Brick & Mortar Meltdown reaches “Crown Jewel in American retailing.”
Brick and mortar stores face a tough environment. Retail is shifting to online operations. E-commerce sales have surged at an annual rate of about 15% in recent years. But sales at department stores and smaller stores are deteriorating. Malls have hit hard times. Retail bankruptcies have formed a horrific litany. And the signs are visible everywhere. So here is the excerpt of an essay with haunting, beautiful photos of this meltdown as seen from the sidewalk on Manhattan’s glorious Madison Avenue. The essay, “Walking the Avenue with a Camera,” was originally published on New York Social Diary.
By David Patrick Columbia, New York Social Diary. Photos by Pierre Crosby:
Here in New York we are experiencing a de-accessioning of retail space for retail businesses. We are seeing more store vacancies than I can ever recall in the last six decades. The City is a changing system socioeconomically. Neighborhoods come and go. In the past twenty years there has been a trend for restoration and revitalizing the communities. You can see it in all the boroughs, especially when it comes to housing. Brooklyn and Queens and Upper Manhattan, including Harlem are good examples of this progress. Although it has got more, much more expensive for the average working person, just to provide a roof over one’s head. In the 1960s when I came here out of college the rule of thumb for rental expense was one week’s salary a month. I know people today who are paying more than 50% of their monthly for shelter.
What is staring at us now are commercial vacancies. It looks like failure. Failure to succeed with one’s business. Madison Avenue, the Crown Jewel in American retailing for many decades (it was originally an upscale neighborhood of townhouses a century ago), is now looking like the guy you run into on the street panhandling who is missing a lot of teeth.
Many people are talking about it, but only in passing (“did you notice …?). Others say it’s because everyone shops on Amazon. And doesn’t go to the store anymore. I recall riding home in a taxi one night more than ten years ago, with Vera Wang and a couple others. We were riding up Madison Avenue heading into the Seventies when one of passengers remarked to Vera that she must be making a fortune in her shop in the Hotel Carlyle building on Madison and 77th Street. Vera said then that nobody with a shop on Madison Avenue made any money because the rents were so high. They justified the rent for the prestige it brought their (expensive) product.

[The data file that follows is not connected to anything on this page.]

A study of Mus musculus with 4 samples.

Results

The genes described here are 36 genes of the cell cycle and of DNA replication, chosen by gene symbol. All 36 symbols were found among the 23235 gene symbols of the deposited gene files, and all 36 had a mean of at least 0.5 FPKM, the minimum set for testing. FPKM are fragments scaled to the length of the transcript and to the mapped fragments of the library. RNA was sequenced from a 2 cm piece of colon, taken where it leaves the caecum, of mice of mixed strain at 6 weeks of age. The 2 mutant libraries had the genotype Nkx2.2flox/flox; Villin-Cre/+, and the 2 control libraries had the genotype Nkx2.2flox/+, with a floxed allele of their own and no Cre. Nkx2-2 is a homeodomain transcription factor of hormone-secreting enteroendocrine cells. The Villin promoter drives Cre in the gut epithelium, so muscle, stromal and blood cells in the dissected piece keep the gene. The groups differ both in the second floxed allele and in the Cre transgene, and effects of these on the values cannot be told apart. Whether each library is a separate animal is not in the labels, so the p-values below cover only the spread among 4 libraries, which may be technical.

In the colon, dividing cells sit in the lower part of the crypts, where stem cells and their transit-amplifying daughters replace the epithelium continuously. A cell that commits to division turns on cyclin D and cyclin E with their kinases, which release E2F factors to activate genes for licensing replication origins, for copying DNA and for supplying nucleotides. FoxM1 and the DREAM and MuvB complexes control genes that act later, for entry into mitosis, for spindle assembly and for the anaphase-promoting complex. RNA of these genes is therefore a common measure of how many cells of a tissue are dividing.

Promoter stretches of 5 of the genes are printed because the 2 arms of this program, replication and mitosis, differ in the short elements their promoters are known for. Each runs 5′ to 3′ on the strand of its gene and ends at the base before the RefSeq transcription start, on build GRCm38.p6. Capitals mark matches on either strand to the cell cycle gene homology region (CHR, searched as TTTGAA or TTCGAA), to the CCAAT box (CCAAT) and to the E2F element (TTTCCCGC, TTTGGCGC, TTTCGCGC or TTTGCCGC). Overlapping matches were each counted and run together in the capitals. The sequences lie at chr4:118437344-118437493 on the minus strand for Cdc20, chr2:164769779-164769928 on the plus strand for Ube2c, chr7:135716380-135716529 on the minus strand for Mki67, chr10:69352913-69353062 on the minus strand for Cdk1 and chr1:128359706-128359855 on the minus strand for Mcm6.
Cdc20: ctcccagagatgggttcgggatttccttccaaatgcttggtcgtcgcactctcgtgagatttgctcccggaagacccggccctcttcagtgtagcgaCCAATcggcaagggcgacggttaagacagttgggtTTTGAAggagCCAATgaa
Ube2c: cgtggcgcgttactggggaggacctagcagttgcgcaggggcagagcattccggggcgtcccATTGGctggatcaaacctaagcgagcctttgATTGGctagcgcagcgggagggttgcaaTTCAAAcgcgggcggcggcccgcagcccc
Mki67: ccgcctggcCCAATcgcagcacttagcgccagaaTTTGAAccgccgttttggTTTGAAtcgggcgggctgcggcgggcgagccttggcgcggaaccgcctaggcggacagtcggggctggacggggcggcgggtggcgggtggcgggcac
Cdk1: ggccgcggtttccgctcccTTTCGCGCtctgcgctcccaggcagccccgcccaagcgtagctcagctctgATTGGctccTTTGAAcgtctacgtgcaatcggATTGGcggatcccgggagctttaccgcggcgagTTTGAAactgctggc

This current vacancy trend is unusual and it’s going on all over the city and here in Manhattan from south to north from east to west. Last week we asked Pierre Crosby, a new photographer, if he’d photograph all the vacancies on Madison Avenue from 57th Street to 92nd Street, just to get an idea of the magnitude of the problem. Pierre covered the avenue this past Sunday afternoon when the city was quieter, from 57th to the low 90s. We told him to photograph all the empty storefronts as well as some of the businesses that are still operating. Vera Wang, coincidentally vacated her space (where she was located for decades) last week. In the 33 blocks (a mile and a half), Pierre found 50 vacancies.
What does it all mean? There are some sensible, practical guesses and then there is the unknown. That great palatial mansion that the Vanderbilts built in the last decades of the 19th century for what would be hundreds of millions in today’s dollars, was sold by Mrs. Vanderbilt Belmont forty years later in 1932, for $20,000. That doesn’t seem like a comparable situation to ours on Madison Avenue but it does serve to remind that value varies, even with wild volatility at times. Are we there yet?
By David Patrick Columbia, New York Social Diary. Photos by Pierre Crosby.